The Hotplate  »  General News   »   Kitchen technology then and now

Kitchen technology then and now

May 11, 2018

Time-saving kitchen gadgets and appliances reflect the changing decades just as much as fashion. Think back to the time of the Soda Stream, teasmade and chip pan, and you’ll realise how far we’ve come over the last 60 years. Our current cooking and cleaning routines are almost unrecognisable compared to the lifestyle our grandparents experienced.

Developments in kitchen technology have done us a great service, we now spend far less time in the kitchen than ever before. In fact, reports suggest we’ve halved cooking times since the 1980s. To aid busy family lives, kitchen products are now moving towards becoming self-sufficient, so things are ready to use at the touch of a button, requiring less effort from us.

We take a nostalgic look back at some of the key kitchen innovations over the last few decades and predict those we believe will become essentials in the future.

1950s

Russell Hobbs was the first manufacturer to launch the electric kettle in the 1950s, containing a thermostat which cut the power as soon as the water reached boiling point. The 50s also saw the rise in popularity of the electric toaster with the introduction of the automatic ‘pop up’ action.

1960s

Automatic electric washing machine units were adopted in the 60s, which signalled the end of the time-consuming mangle and washboard. The technology quickly developed from a single washing unit with spin-cycle to a twin tub, top-loading model for washing and drying. The electric refrigerator also went into mass production, using fluorocarbon refrigerants which were later discovered to cause damage to the Earth’s ozone layer. Today, modern domestic fridges use non-toxic hydrocarbons such as isobutane.

1970s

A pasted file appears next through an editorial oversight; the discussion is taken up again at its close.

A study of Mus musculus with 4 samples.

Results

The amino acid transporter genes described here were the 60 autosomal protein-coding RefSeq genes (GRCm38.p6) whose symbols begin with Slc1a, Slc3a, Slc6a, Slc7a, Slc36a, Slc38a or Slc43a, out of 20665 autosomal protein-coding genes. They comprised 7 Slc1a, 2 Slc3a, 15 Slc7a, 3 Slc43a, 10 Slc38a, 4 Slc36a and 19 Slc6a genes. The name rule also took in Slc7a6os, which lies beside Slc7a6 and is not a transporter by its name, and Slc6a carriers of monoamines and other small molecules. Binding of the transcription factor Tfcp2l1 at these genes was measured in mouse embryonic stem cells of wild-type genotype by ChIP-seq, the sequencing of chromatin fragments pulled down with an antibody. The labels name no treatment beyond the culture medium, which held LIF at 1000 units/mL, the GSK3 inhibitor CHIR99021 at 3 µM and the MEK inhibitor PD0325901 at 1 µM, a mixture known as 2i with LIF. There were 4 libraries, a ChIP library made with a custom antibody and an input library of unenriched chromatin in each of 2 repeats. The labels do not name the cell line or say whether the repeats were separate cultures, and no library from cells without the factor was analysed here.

This period gave rise to a plethora of smaller, portable kitchen gadgets such as the teasmade which combined a teapot, kettle and clock for a fresh brew without even getting out of bed. The Soda Stream also gained popularity thanks to a successful marketing campaign and the promise of endless fizzy drinks.

1980s

This era was defined by the microwave, which by 1967 became more affordable following the launch of a countertop version (as opposed to the six-foot-tall prototype). The first branded microwave was called the Radarange, developed by inventor Percy Spencer who inadvertently discovered the heating properties of magnetrons.

1990s – 2000s

Familiar favourites such as the bread maker came into existence during the 80s, following the release of the first machine in Japan by the Matsushita Electric Industrial Co (now Panasonic). Other gadgets promised to make our lives easier, from blenders and juicers to the George Foreman Lean Mean Grilling Machine. The focus was on technology to aid a healthier lifestyle and better eating habits.

Today and tomorrow

The latest technologies now prioritise safety, energy-efficiency, appearance and speed. The induction hob is a perfect example. It directs the heat so that only the pan gets hot, leaving the rest of the cooker top cool – an important safety feature for any busy family kitchen.

Today’s products are also designed to cut cleaning time, the latest pyrolytic ovens have a self-cleaning programme which removes tough food residue by heating to very high temperatures. During this cycle, the oven door will lock for added safety.

When it comes to the future, the focus is on smart, Wi-Fi connected appliances that can automatically call out an engineer if they detect a problem or update your shopping list when you’re running low on groceries. Intelligent fridges are now fitted with cameras that pass images of the contents to your phone, so you can double-check what you need even if you’re in the supermarket.

We’re experienced at selecting the right technology to suit your lifestyle, so you can spend less time working in your kitchen and more time enjoying it. Call us today on 01959 561333 or visit our showroom in Westerham, Kent, for more information on how technology can enhance your lifestyle.